Only, Just, Sorry: Eradicating Confidence-Busting Vocabulary from Your Emails, Conversations and LIFE.
Being a freelancer is hard. I've been a full-time freelance writer for about 7 months now and it seriously blows sometimes! But it's the perfect job for me. I love writing, I love organizing information, I love working hard and I get bored easily.
I've been a teacher, an office worker, a barista, a nanny, workshop organizer and an in-house copywriter. I've held countless odd jobs as a teenager and throughout my twenties. I've always known how to run a good side hustle, but being full-time writer is a 24/7 hustle—some days I want to cry because I don't know if I'll be able to pay all my bills next month.
Just a Writer?
Like any freelancer, I only get paid if I can keep finding new clients. Being a freelance writer means juggling the many components of running a business on your own. If you drop a ball, for one second, it's all on you. There is no guaranteed paycheck every two weeks. I'm paying out the nose for health insurance, I spend more hours on my computer than I ever imagined possible, and I'm working two part-time seasonal jobs on the side to make sure that I stay afloat during lean periods. I am making money writing, and yet I still fumble every time somebody asks me what I do for work.
Too many times, I've told people "I'm just a freelance writer" or "I'm only a copywriter," instead of simply owning my profession and saying, "I AM A COPYWRITER and I also do design work." Modifying our language to downplay our abilities is a confidence issue that plagues a lot of writers, and a lot of professional women.
When my confidence is floundering, one thing I find somewhat helpful is to glare at myself in the mirror, or or lock eyes with my roommate's cat, and say, "Most people suck at their jobs and nobody actually knows what they're doing most of the time." It's helpful to remind yourself that everybody is struggling in one way or another and it isn't useful to use apologetic language regarding your career (or anything, really) when no apology is necessary.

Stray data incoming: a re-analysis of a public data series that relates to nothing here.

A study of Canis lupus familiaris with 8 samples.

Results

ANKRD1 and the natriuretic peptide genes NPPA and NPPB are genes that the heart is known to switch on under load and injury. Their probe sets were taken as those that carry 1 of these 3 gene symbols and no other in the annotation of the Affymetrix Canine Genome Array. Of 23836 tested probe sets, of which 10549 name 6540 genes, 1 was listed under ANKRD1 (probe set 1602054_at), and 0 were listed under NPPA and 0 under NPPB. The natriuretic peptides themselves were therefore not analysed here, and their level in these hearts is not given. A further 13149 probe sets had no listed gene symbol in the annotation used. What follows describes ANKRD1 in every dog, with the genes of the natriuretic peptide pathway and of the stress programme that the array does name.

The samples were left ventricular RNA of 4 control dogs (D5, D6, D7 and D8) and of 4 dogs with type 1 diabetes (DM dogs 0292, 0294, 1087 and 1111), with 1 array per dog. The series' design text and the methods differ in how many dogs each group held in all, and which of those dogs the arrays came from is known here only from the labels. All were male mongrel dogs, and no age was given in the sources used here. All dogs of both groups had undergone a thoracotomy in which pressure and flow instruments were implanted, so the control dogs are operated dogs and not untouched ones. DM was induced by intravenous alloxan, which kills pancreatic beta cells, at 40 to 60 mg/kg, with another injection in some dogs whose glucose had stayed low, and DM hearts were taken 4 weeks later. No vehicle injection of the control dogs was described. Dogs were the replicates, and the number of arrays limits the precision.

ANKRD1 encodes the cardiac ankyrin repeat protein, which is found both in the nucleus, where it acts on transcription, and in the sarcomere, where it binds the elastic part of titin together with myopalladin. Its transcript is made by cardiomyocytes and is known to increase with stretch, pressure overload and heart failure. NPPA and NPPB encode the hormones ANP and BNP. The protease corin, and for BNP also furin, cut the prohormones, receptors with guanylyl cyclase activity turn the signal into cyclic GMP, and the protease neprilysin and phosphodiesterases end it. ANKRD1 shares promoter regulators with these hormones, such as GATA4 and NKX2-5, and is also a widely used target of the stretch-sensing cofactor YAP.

Sorry, Not Sorry
The phenomenon of women preemptively saying "sorry" when no apology is needed has been written about frequently in the past couple of years. Amy Schumer produced a viral skit about it, we've seen several op-eds on the topic, and programmers have even created a Gmail plugin that eradicates wimpy language from your business emails.
Three of the biggest culprits: only, just and sorry. These are three pesky words that you should weed out of your emails, elevator pitches, networking conversations and day-to-day life as a writer. Sorry, just and only do have their moments as social conversation smoothers and writing enhancers in certain situations—but you shouldn’t introduce your livelihood alongside them!
Have Confidence in What You Do
Stop saying that you're just a writer or only a freelancer. If you're writing, you're a writer. Whether you're a good writer or a bad writer is irrelevant—you're trying to make a living from writing! You're working for yourself! It's hard work. Don't knock yourself down for trying. You're going to get enough rejections from publications and potential clients—root for yourself and have confidence in your abilities as much as possible. Stating what you do is not bragging.
This type of self-deprecation is not isolated to freelance writers. People do it all the time when they’re introducing themselves to others. I’ve heard friends say ‘I’m just a teacher,” “I’m just graphic designer,” and even “I’m just a nurse.” NO. JUST STOP. Your shit is just as important and necessary as anyone else’s! You don’t need to feel nervous or inferior.
At the end of the day, it’s a just a job.